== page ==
The economic impacts of the former chancellor’s ‘fiscal statement’ of 23rd September, the subsequent u-turns and the resulting uncertainty and market disruption, continue to reverberate and have increased the chance of house price falls to a level not seen since 1990. But there are two UK housing markets: one is exposed to rising interest rates and the other is more insulated. Mortgage-reliant households will be under extreme financial pressure: from threatened recession, rising costs of living and now, significantly increased mortgage payments. For the 56% of owner-occupiers without mortgage borrowing, inflation and recession may be a problem but rising interest rates won’t be. This means the next housing market downturn is going to affect the mortgaged, mainstream markets with younger owners differently to equity-rich, prime markets with older owners. There are still reasons why buying a prime home may be among the ‘least bad options’ for protecting family wealth in the medium to long term.
Middleton Advisors commissioned Yolande Barnes Consulting (YBC) before the mini-budget to investigate the implications of rapidly rising inflation on housing markets. Barnes’s findings have particular importance in view of the market turmoil, rapidly rising interest rates and risk of recession which has arisen since 23rd September.
The research found that low inflation, and particularly the accompanying dramatic falls in interest rates, have driven house prices since the 1990s. In the very prime areas of central London, Barnes estimates that over half of the 629% price growth of the last 30 years can be attributed to falling interest rates alone.
Barnes claims “Most of this very high growth stopped in 2014, since when very prime PCL prices have been’ bumping around on a high plateau’. It is as if buyers in this market foresaw in 2014 that ultra-low interest rates would not last and anticipated the rising yields that have been seen in bond markets over the past two weeks”.
This means that house prices in the prime sector may not be as overheated as they are looking in some mortgage-reliant mainstream markets, she argues.
The research also suggests that real estate may be more resilient when inflation is rising than a lot of people expect. Looking back to the 1970s and 80s, when consumer price inflation was last at current levels, the data showed that house prices continued to rise when the price of other goods and services were also rising at record levels. “Broadly, mainstream house prices kept going up throughout the 1970s and 1980s even when consumer prices were rising at rapid rates” says Barnes “rising inflation alone does not mean falling house prices. What matters much more is the impact of recession and/or rising mortgage rates”.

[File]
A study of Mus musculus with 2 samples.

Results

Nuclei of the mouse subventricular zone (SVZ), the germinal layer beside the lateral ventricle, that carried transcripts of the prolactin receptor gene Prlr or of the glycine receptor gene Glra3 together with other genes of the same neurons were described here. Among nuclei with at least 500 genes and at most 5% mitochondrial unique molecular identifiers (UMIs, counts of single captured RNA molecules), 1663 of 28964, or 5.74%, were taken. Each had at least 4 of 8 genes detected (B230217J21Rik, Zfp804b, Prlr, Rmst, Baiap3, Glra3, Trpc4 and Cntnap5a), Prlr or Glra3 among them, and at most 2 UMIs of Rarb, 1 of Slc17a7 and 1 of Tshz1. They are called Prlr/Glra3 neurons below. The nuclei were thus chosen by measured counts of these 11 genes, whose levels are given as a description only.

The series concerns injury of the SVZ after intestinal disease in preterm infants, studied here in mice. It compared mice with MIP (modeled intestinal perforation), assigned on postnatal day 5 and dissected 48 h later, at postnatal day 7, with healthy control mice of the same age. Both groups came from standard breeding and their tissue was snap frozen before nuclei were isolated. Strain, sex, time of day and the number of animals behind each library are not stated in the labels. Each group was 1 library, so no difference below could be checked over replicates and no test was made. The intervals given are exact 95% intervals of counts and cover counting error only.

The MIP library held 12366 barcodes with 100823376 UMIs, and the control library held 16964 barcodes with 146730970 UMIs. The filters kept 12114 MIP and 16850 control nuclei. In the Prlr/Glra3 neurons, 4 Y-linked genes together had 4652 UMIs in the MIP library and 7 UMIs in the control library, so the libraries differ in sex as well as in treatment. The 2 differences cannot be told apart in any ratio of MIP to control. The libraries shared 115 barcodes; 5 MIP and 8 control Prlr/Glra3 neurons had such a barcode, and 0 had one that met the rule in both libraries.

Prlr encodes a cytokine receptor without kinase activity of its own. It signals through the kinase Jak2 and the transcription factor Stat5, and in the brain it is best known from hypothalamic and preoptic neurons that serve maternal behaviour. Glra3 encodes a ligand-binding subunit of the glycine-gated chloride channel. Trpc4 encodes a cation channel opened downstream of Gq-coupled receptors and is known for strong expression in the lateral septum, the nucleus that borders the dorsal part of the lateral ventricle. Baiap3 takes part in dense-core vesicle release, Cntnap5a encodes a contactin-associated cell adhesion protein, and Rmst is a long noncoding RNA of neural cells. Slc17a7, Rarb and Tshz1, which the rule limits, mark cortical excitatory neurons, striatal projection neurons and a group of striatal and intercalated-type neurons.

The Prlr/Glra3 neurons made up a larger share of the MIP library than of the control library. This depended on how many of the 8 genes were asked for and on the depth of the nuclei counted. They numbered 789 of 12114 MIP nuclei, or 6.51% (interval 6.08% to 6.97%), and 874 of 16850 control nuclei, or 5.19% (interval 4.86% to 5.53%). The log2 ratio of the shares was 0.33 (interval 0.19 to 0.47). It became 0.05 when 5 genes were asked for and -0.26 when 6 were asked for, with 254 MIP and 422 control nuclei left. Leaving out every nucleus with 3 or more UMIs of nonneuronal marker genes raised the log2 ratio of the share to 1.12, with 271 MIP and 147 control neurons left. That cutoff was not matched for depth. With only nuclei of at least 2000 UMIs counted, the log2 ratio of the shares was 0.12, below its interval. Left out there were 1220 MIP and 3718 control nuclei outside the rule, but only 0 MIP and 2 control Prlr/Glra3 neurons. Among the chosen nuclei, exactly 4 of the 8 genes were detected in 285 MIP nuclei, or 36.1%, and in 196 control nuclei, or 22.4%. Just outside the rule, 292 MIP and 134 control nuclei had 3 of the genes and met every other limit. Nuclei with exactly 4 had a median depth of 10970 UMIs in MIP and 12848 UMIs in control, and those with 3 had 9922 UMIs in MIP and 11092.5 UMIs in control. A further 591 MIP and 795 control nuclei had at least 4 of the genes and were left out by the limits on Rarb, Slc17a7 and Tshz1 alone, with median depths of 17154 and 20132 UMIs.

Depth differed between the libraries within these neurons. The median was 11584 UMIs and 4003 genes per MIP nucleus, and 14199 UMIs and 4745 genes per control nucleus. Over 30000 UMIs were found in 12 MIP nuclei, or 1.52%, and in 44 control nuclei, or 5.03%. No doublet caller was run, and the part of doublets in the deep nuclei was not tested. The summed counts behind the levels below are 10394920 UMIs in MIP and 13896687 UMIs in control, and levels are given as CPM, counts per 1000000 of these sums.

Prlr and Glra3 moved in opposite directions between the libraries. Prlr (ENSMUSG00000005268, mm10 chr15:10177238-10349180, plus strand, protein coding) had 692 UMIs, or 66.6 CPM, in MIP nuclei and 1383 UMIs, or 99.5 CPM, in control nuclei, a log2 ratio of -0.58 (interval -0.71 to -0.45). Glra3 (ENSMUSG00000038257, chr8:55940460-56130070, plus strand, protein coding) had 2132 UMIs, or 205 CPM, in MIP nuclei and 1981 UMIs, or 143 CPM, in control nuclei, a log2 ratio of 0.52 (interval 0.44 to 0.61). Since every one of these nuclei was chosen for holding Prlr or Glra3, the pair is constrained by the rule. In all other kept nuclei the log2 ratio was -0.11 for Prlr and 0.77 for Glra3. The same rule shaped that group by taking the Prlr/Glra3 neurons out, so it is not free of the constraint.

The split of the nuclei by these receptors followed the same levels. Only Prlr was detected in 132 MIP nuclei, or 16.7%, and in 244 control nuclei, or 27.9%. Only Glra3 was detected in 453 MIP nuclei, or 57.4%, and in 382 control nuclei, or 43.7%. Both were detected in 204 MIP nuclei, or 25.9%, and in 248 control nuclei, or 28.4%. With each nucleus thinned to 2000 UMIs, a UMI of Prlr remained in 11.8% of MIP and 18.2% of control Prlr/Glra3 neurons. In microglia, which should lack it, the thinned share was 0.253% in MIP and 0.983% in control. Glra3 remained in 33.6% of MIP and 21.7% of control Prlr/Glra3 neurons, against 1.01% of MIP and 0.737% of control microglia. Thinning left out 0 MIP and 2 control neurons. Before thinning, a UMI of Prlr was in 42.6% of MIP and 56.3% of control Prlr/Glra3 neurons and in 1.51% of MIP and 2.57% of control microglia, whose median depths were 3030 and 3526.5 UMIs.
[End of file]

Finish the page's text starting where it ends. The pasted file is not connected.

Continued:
The research concluded that real estate has many different characteristics for owners and, while the benefits in recent decades have centred around financial growth, housing can also provide amenity, utility, status and luxury value even when not automatically appreciating as a financial asset. Demand for homes that provide the right amenities has changed and grown appreciably since the Covid pandemic and purchasers of the good properties will enjoy these over decades of ownership rather than years.
“We expect house prices over this longer term to be driven by continuing demand for good homes and a relative scarcity of supply of what people want” concludes Barnes “This means that we will probably see the squeeze on household incomes and cost of mortgages reducing transaction levels significantly in the short term but not curbing latent demand for housing at all in the medium to long term. The market will probably polarise more between ‘the best and the rest’; between mortgage-reliant buyers and equity-rich buyers. (Over half of all owner-occupiers own outright, without a mortgage).
Significant and widespread house price falls will be seen only if recession and attendant joblessness and distress causes forced sales and increases the supply of available properties while it persists.
In these circumstances, cheap currency, distressed opportunities and longer-term demand prospects may make UK housing particularly attractive to oversea-funded investors who don’t mind holding sterling-denominated assets and who want sterling-related income. The long-term prospects for the currency will therefore be an issue in internationally-driven markets like prime central London.
For other types of buyers, the report points out that real estate could have some inflation-hedging properties. As other inflation-ridden nations have shown, there are huge benefits to owning and controlling a ‘homestead’. “One home will always be worth one home, whatever happens to economies, inflation or currency values” says Mark Parkinson, Managing Director at Middleton.